High Spoons

Bare breasts, a bowl of red, and bad blood among the chili brethren in the Big Bend. Texas doesn't get any better.

In the peculiar world of chili, some things are constant, as noted by H. Allen Smith, one of the cooks in the first Terlingua competition.

"You may suspect by now that the chief ingredients of all chili are fiery envy, scalding jealousy, scorching contempt, and sizzling scorn," he wrote.


The spicy dish known more correctly as chile con carne originated late in the last century, not in Mexico, but somewhere in South Texas, most likely San Antonio, according to most chili historians.
Dixie Johnson from Lamar, Missouri, took home the top prize for her chili recipe. Even veteran competitors admit there's scant difference between brews.
Dixie Johnson from Lamar, Missouri, took home the top prize for her chili recipe. Even veteran competitors admit there's scant difference between brews.
Above: Dancing at a chili cook-off in 1975--the competition has changed but the two-step's the same. Below: Deposed cook-off patriarch Frank Tolbert in 1971.
Chris Regas
Above: Dancing at a chili cook-off in 1975--the competition has changed but the two-step's the same. Below: Deposed cook-off patriarch Frank Tolbert in 1971.

As the name implies, the primary ingredients are red chiles and meat, usually beef, and anything beyond this is subject to intense debate. To the modern-day mullahs of Texas-style red chili, beans are a sure sign of the infidel, and any meat besides chopped lean beef amounts to a sacrilege.

"Anyone who puts beans in chili failed Texas high school chemistry," said one chili wag.

But until the great chili showdown of 1967, in which Lone Star pride and chili orthodoxy were challenged by a subversive wise-ass from New York, chili was hardly the stuff of headlines. The only other chili controversy to make the news came in 1943, when the San Antonio chile queens, street vendors with their caldrons and bright lights, were evicted from the downtown public squares on public health grounds. But all that changed in the months before the cook-off in Terlingua in which Smith faced Fowler in a mano-a-mano, high-noon showdown. That much is certain, everything since is open to debate.

"It all started with the newspaper people, a group of writers in Dallas from the Morning News, Times-Herald and Star-Telegram," said Tom Nall, president of 2-Alarm Chili, in Austin. "All these reporters would get together and someone would cook their favorite recipe, and they would drink beer and tell lies, and Wick Fowler did it better than anyone else."

As a dynamic subplot, David Witts, a Dallas lawyer, and California muscle car designer Carroll Shelby owned some land in a far corner of the West Texas outback, and they were keen on stirring up some interest in it. Their holding, the Terlingua Ranch, was named for the ghost town that now has several dozen residents, city water, and a paved road. But in '67, it was a collection of empty rock houses.

Terlingua had boomed in the first decade of the century, as 1,000 workers mined mercury ore for the Chisos Mining Co. Mercury production peaked during World War I, but began to decline in the 1930s, and when the Terlingua mine closed at the end of World War II, the town was abandoned.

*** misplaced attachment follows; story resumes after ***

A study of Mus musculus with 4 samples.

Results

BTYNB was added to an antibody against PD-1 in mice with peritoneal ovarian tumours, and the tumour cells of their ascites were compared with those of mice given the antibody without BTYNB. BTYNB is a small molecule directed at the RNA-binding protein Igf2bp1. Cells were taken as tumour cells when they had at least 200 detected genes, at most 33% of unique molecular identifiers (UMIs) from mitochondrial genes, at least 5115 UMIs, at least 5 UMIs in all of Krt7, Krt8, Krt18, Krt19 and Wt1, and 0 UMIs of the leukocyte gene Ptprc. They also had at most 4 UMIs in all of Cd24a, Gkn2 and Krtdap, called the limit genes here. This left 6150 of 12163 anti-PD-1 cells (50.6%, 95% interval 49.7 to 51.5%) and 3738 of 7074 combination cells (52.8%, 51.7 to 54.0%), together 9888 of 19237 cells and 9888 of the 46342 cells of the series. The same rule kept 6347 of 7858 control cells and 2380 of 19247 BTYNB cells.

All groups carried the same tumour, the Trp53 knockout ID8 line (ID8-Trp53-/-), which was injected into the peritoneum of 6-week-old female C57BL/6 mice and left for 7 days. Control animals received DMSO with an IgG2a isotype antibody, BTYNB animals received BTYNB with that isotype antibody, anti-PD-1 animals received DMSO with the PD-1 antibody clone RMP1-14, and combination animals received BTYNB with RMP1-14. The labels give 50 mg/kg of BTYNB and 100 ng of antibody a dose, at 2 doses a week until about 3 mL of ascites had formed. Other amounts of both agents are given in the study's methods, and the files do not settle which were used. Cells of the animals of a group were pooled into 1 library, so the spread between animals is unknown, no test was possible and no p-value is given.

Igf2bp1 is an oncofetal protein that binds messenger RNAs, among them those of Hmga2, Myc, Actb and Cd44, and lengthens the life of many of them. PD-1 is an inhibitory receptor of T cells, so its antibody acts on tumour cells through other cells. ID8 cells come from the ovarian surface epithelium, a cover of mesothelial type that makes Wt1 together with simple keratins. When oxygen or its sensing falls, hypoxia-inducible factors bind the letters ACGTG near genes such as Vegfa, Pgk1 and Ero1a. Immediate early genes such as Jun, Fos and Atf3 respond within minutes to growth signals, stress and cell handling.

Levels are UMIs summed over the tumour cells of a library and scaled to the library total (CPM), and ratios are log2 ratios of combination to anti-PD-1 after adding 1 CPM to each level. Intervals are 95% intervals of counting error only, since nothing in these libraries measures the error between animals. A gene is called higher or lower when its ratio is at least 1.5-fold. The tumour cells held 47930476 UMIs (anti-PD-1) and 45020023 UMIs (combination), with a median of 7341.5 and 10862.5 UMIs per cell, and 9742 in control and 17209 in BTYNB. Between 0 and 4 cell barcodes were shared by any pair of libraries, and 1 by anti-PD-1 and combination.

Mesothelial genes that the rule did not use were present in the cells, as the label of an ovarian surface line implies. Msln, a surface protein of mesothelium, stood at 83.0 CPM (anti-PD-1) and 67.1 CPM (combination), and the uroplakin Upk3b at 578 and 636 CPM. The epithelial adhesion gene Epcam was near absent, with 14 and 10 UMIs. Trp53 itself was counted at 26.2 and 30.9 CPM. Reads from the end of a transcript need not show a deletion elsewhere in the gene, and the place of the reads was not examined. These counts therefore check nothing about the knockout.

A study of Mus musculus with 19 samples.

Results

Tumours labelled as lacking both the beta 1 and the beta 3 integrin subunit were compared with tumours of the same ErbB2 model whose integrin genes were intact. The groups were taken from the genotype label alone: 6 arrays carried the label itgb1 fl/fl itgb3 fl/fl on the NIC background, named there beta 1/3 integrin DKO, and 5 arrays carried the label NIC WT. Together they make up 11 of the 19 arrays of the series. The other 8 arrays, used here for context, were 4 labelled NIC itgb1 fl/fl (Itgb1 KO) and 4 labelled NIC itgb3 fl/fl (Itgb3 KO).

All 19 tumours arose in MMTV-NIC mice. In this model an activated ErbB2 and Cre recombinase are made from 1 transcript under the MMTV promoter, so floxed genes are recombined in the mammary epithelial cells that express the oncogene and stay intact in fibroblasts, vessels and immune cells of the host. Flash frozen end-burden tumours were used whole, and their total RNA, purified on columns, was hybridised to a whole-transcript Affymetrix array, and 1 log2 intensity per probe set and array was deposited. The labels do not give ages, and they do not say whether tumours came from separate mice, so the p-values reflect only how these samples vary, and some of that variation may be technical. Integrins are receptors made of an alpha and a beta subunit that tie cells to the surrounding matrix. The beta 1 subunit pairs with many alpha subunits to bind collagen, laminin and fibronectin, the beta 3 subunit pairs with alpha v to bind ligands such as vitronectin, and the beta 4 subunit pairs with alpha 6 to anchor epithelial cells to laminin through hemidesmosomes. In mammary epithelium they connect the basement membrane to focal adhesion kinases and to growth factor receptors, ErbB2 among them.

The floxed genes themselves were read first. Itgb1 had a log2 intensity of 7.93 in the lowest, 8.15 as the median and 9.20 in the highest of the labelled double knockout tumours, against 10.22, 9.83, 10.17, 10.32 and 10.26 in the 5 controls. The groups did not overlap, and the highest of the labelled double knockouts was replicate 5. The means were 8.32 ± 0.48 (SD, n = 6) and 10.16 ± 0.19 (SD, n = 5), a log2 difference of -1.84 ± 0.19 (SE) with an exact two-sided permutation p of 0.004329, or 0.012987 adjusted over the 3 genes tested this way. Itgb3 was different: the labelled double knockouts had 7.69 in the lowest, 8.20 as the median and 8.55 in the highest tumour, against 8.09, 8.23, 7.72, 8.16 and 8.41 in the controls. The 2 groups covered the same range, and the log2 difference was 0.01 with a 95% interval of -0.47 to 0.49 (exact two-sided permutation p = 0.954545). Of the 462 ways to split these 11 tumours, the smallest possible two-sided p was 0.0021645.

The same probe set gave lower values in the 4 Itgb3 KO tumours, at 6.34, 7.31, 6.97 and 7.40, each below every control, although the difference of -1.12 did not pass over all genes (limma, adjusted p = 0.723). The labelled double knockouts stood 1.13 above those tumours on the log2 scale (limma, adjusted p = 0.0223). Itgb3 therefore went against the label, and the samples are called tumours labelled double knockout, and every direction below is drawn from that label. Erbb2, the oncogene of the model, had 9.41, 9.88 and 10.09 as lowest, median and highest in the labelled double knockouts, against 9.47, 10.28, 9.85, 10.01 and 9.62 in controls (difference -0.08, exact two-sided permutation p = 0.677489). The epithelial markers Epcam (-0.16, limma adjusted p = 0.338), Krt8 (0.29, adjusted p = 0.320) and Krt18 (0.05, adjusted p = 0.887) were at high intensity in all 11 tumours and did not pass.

Most accounts credit Tom Tierney, a Dallas public relations man, with the idea of staging a cook-off there to promote both the land and the book Tolbert had just published, A Bowl of Red.

The slim volume was a paean to crusty chuck wagon cooks, Texas-style red chili, and other regional dishes and funky eating places around the state. Tolbert later added several chapters about the chili wars. "It started out as a spoof to advertise the Terlingua Ranch that Shelby and Witts owned. Frank Tolbert did not start it, but he jumped on the idea, and he did one hell of a lot of good for chili," said Vann York, 74, one of the chili ancients.

But who would be an opponent worthy of Fowler's talents?

The perfect foil appeared in the person of Smith, who in December 1966 had published an article in Holiday Magazine titled "Nobody Knows More About Chili Than I Do."

The reaction in Texas among the chili irregulars was hostile. "It set the jackals of Texas and particularly the hungry hyenas of Dallas against me in full cry," Smith recalled.

He had added further insult in his comments about Tolbert's book, "There are fiends incarnate, mostly Texans, who put chopped celery in their chili, and the Dallas journalist Frank X. Tolbert, who has been touted as the Glorious State's leading authority on chili, throws in cornmeal," wrote Smith. "Heaven help us one and all! You might as well throw in some puffed rice, or a handful of shredded alfalfa, or a few maraschino cherries."

Tolbert, in turn, found Smith's chili a feeble dish. The impertinent Yankee, it seemed, considered beans, green peppers, and Accent seasoning to be perfectly legitimate ingredients.

"It's not really chili. It's a chili-flavored beef-and-vegetable soup. He cooks pinto beans, even kidney beans, right in with the mess," he wrote. In another column, Tolbert called it "a chili-powder-flavored low-torque beef gruel," adding, "the maternity wards in Texas hospitals have to warm up Smith's formula before feeding it to newborn babies."

Smith responded by threatening to fly to Dallas and horsewhip Tolbert at his newsroom desk along with everyone else in sight.

Catching the spirit, he referred to Texas chili as "owl residue," to Texans in general as "gristle eaters," and to Tolbert as a "varlet," which no doubt sent a few bubbas hustling for their Websters. The gauntlet had been thrown.

By this time, reporters were all over the story, and Smith agreed to come to Texas after a magazine offered to pick up his expenses. Like Tolbert, he had quickly grasped the journalistic potential of the stunt.